Fred Pye, CEO of Canada’s first Bitcoin fund issuer 3iQ, indicates a changing attitude among institutional investors toward Bitcoin.

According to Ana Paula Pereira‘s report for Cointelegraph, which was published yesterday, in a recent interview with them, Fred Pye, CEO of 3iQ, the first Bitcoin fund issuer in Canada, indicated that as the fervor around Bitcoin dies down, portfolio managers and institutional investors are starting to consider the cryptocurrency as a “serious venue” for investment.

Amid global inflation and macroeconomic challenges, these financial professionals managing diversified portfolio assets are reportedly seeking alternative investment strategies. Pye remarked that Bitcoin’s ‘Fear Of Missing Out’ (FOMO) is dissipating, and the focus has shifted to artificial intelligence (AI). This transition has opened a pathway for institutions and portfolio managers to scrutinize Bitcoin as a viable investment avenue.

He further claimed that it is not merely about maximizing profits for these institutional investors. According to Pye, the upcoming trend would be exploring crypto use cases in the following years. He stated, “The theme for 2024 going forward is definitely use cases. So, we’ve got this beautiful technology, now let’s put that beautiful technology to work.”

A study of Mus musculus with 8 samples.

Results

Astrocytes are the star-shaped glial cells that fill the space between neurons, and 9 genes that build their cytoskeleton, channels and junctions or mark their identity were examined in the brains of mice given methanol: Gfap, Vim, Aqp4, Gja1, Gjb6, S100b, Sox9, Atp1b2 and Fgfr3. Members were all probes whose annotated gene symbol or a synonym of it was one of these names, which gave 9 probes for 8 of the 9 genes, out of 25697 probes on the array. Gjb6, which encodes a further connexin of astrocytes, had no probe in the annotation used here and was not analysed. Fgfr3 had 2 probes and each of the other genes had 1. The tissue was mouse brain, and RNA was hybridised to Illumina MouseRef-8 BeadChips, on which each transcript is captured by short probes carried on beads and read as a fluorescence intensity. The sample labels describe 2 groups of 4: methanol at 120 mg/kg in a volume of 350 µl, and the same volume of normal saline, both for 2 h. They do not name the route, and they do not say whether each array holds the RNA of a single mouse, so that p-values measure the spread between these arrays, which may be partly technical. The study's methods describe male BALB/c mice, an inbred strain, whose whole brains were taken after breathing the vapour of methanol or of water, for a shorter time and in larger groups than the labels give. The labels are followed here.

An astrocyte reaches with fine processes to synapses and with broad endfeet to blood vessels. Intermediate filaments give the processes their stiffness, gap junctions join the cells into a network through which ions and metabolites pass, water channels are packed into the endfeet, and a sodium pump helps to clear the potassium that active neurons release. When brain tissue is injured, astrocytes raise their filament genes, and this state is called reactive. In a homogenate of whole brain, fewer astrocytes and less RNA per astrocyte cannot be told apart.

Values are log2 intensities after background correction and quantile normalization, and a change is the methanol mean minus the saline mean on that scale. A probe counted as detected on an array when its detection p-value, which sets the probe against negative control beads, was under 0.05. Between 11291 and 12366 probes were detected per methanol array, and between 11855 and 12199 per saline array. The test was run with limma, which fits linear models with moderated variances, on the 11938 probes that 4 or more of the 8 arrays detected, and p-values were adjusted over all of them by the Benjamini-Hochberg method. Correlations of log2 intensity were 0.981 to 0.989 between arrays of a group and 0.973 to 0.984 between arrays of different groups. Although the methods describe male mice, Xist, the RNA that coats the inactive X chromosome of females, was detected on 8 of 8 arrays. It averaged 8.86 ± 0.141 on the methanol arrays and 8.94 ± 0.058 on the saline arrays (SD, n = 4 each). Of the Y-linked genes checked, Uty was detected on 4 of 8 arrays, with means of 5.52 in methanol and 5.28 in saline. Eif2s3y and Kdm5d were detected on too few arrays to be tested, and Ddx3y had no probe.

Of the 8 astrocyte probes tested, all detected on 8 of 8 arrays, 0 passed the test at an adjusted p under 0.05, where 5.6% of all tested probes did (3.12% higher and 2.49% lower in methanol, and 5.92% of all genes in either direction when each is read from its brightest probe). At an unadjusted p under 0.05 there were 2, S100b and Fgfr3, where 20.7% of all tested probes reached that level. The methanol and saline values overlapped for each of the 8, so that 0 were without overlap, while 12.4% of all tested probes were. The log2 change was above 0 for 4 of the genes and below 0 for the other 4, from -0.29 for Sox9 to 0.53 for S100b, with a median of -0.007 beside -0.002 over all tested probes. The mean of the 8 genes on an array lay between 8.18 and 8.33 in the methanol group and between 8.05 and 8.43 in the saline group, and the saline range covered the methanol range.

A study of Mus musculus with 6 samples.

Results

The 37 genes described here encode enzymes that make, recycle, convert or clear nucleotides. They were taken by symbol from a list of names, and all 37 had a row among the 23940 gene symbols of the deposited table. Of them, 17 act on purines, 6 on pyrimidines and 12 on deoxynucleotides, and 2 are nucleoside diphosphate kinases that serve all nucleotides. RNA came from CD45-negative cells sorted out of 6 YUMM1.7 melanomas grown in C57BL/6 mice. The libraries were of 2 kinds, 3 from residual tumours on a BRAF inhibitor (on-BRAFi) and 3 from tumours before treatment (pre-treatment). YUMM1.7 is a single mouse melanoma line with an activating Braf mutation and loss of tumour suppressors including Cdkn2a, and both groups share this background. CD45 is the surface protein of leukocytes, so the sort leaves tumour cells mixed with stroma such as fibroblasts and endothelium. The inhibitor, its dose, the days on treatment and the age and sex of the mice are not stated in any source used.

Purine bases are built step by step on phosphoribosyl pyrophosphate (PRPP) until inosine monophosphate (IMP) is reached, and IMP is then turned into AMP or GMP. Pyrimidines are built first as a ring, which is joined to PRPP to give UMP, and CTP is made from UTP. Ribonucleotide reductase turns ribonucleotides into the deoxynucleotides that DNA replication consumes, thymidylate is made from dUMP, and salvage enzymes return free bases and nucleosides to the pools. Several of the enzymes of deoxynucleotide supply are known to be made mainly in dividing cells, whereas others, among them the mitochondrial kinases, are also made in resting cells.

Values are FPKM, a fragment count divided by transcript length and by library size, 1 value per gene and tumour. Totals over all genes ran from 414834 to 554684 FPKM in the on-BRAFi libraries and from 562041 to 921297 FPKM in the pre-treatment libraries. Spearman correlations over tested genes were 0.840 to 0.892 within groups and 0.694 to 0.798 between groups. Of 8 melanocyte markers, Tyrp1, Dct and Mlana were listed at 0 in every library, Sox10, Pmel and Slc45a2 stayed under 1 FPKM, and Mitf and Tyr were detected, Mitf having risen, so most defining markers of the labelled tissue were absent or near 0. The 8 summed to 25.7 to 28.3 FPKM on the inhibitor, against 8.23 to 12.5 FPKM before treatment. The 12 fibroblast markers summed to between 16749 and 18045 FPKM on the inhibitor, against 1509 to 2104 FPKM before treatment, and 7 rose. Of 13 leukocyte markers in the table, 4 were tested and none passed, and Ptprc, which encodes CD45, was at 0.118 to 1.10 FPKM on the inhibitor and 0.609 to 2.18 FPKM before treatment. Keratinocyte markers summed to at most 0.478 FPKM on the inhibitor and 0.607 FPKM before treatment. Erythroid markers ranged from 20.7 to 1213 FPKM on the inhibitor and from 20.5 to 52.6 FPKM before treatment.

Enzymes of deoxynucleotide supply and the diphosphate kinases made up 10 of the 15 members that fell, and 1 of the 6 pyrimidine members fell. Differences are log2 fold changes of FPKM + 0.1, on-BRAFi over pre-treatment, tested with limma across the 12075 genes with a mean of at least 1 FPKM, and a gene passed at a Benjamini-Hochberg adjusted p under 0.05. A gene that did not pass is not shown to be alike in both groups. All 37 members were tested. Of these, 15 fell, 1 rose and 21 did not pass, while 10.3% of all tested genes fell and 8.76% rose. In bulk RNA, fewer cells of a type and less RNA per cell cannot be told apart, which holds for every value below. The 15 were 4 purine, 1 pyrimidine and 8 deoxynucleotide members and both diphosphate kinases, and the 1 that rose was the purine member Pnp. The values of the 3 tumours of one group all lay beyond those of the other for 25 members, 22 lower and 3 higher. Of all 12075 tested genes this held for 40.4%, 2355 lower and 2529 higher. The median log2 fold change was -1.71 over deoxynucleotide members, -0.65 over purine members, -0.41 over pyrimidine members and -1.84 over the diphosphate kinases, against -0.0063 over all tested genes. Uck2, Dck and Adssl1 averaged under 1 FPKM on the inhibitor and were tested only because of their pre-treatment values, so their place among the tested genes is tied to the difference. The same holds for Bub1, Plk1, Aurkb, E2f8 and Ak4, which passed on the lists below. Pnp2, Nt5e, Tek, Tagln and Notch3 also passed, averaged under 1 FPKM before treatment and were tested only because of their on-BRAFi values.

Although regulatory challenges for institutional cryptocurrency adoption persist, Canada has pioneered in launching crypto ETFs in North America. Canadian regulators have approved multiple crypto ETFs, such as Bitcoin and Ether products from 3iQ, Purpose Investments, and Evolve Funds Group, which have attracted substantial investment to their crypto offerings.

Pye emphasized the success of regulated digital assets ETFs in Canada, stating there is no difference between running a Bitcoin ETF and a gold ETF. He also addressed concerns about the origin of the Bitcoin, ensuring they only purchase “clean Bitcoin.”

Canada’s recent activities in the digital assets domain include a public consultation about a central bank digital currency (CBDC), where the local monetary authority is seeking public opinion on the features to be included in a potential digital Canadian dollar.